The dialogue for the normalization of relations between Kosovo and Serbia is currently at a rethinking stage. The European Union sees the process as an important part of its Western Balkans enlargement strategy, with the success of the dialogue openly set as a prerequisite for bringing Kosovo and Serbia closer to the EU. Kosovo’s progress is more complicated, due to the nonrecognition of independence by five EU Member States, while Serbia’s path to membership is wide open, if it reaches a comprehensive normalization agreement with Kosovo.

To date, despite the fact that the dialogue has become a central condition for the advancement of Serbia and Kosovo towards the EU, it remains fragile, as evidenced by the assassination of Kosovo Serb politician, Oliver Ivanovic, in Mitrovica North. Just hours after the crime, the Serbian delegation in Brussels decided to withdraw from meetings expected to revive dialogue after more than one year.

Nevertheless, the long period without tangible results from the dialogue, permeated by frequent tensions and without full implementation of reached agreements, encouraged an accord between parties to rethink the Brussels dialogue. Changing the format and content of dialogue was demanded much earlier, especially in Kosovo, but it was decided to do so only after it was evident that the dialogue was stalling for a long time.

Expectations at the EU were for the dialogue to rise to the presidential level, suggesting the establishment of a more enabling environment for reaching a final agreement for normalizing relations between Kosovo and Serbia. On the Serbian side, the dialogue is already being led by President Aleksandar Vucic. In Kosovo, it has been quite some time that the Office of the President of Kosovo, Hashim Thaci, is attempting to take the lead in the dialogue.

Nevertheless, although the issue of the representation of parties found a captive audience in Kosovo, by all means the seminal issue is the format of the future dialogue, and especially the expected target placed ahead of parties: the content of the legally binding agreement. Or, as stated by an official of a powerful EU state: “The dialogue cannot continue without knowing what should happen at the end of it…it is necessary to have a light at the end of the tunnel if we want to get there”.

Consequently, the main question at the moment is what, exactly, may the final agreement contain. So far, Kosovo has insisted that the dialogue should be concluded with mutual recognition between Kosovo and Serbia. However, Serbia has insisted, at least publicly, that “it shall never recognize an independent Kosovo.”

Game of Vucic: Internal Dialogue in Serbia

Yet, some diplomats and observers believe that there is already some sort of movement from the Serbian pushback position, and that current President, Vucic, is open to “creative solutions” that may lead to a “historic agreement” between Kosovo and Serbia. Moreover, the so-called “Internal Dialogue on Kosovo”, which Vucic initiated as a process that would have to produce a new and consensual Serbian position on Kosovo, is seen as a mechanism that will enable Serbia to change its heretofore position.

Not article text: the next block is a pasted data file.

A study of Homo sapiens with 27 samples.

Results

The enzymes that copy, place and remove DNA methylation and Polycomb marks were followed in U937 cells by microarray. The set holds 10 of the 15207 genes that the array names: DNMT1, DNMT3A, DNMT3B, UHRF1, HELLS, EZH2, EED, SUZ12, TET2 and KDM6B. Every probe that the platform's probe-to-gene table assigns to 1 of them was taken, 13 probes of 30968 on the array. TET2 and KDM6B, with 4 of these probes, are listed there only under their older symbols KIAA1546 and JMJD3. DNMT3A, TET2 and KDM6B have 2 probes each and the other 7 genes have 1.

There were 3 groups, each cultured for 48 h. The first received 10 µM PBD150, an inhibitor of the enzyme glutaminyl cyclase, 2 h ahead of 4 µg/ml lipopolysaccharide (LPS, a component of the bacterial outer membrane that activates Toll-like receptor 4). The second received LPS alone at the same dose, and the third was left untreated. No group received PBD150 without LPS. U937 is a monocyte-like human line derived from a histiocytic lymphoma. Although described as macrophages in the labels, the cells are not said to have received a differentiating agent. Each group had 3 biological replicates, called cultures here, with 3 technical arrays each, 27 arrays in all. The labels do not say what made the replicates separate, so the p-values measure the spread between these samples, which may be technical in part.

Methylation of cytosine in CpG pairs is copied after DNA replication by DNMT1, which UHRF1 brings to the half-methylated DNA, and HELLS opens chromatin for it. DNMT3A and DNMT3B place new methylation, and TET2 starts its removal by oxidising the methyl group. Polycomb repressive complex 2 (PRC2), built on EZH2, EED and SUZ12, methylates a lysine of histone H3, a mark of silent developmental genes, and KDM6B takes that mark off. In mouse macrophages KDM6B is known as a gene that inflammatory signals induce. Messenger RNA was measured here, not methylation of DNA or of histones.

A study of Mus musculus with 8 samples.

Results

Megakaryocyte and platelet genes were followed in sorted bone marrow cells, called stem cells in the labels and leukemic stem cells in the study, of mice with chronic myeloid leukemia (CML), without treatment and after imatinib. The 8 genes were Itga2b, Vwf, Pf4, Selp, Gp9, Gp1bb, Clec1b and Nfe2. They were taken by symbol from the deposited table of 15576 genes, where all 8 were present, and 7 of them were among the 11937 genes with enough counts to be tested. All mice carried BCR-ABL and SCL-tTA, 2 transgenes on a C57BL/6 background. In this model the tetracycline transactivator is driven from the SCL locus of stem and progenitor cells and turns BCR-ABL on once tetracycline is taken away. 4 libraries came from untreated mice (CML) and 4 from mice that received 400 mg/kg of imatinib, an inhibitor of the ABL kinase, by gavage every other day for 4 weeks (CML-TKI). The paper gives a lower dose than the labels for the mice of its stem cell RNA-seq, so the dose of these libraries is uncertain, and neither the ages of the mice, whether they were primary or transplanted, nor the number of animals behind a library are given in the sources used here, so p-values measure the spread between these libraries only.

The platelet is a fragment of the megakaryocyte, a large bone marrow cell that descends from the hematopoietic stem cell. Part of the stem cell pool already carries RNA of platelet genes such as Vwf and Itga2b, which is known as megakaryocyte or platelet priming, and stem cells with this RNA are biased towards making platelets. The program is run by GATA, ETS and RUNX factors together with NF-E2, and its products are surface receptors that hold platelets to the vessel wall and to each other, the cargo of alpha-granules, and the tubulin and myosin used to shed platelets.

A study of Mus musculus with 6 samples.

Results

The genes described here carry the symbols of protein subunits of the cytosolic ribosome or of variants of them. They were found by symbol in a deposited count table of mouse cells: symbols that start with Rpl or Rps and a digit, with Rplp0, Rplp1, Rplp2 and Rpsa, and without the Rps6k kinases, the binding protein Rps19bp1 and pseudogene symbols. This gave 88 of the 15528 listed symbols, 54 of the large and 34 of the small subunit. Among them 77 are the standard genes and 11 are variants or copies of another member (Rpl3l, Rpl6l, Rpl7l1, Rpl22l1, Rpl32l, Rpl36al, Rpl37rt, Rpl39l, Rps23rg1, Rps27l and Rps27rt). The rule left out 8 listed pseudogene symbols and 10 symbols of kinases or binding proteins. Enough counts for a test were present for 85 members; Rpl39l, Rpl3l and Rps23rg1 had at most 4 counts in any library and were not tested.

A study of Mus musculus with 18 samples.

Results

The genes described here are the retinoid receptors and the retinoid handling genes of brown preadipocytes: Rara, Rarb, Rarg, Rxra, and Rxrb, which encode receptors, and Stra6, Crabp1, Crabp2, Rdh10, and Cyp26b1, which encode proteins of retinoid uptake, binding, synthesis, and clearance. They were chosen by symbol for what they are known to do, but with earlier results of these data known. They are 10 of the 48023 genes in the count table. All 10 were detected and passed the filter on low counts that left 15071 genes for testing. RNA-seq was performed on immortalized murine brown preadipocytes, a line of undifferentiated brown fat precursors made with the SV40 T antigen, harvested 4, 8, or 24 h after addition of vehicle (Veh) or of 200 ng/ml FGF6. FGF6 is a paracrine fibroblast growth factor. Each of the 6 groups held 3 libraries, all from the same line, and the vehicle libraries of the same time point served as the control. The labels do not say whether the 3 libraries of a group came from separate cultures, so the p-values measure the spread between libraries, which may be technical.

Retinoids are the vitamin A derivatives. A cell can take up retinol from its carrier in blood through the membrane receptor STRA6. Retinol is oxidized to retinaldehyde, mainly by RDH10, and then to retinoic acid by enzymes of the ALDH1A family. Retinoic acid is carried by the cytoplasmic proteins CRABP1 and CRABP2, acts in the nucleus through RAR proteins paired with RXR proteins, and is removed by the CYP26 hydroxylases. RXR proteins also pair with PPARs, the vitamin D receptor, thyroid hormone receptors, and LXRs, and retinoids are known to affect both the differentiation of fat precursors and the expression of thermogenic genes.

“We believe that Vucic is ready to move from the heretofore position. He has already given signals that he is preparing to do so”, says a European diplomat.

On the other hand, a good few pundits and observers of developments in Serbia insist that the entire internal dialogue “is a farce”, staged by Vucic himself, with the aim of giving the Serbian public the impression that “the President is consulting the people”.

“Vucic has already decided what to do…he is merely acting as if he is expecting proposals and suggestions from the internal dialogue”, says an independent observer from Belgrade.

In fact, several Western sources have confirmed that Vucic has long since started informal talks in various Western circles, where he is presenting options acceptable to him.

What is Vucic presenting as an acceptable concession on his part?

According to a senior European official, in talks with Western diplomats, Vucic is informally noting that he may remove the reference to Kosovo in the Serbian Constitution, and, eventually, may withdraw opposition to Kosovo’s membership in the UN.

While it is not clear what exactly he is demanding in return, diplomatic sources estimate that Belgrade in general will not move if there is no implementation of the agreements already reached, meaning first and foremost the establishment of the Association of Serb-majority Municipalities in Kosovo.

Observers from Belgrade warn that the establishment of the Association of Serb-majority Municipalities could be put forward by Vucic as a prerequisite for removing the reference to Kosovo from the Serbian Constitution. “In that case, Vucic could offer Serbia’s agreement for Kosovo to take get a seat at the UN to be part of the final normalization agreement”, says the observer.

According to diplomats, Serbia’s agreement to a Kosovo seat at the UN would be a “major concession”. Officials in some European capitals believe that if Belgrade agrees to Kosovo’s membership to the UN, then this would invalidate the opposition argument by some states that do not recognize Kosovo’s independence, including five EU Member States.

However, as Western analysts note, the barrier to Kosovo’s membership in the UN is primarily Russia, not Serbia. “The Russian veto on the Security Council is not something that can be eliminated as an opportunity by Serbia…the Russian veto can be eliminated as a barrier by Putin alone”, says a European analyst.

According to these sources, the offer of a seat at the UN from Vucic is bait that Kosovo should not take.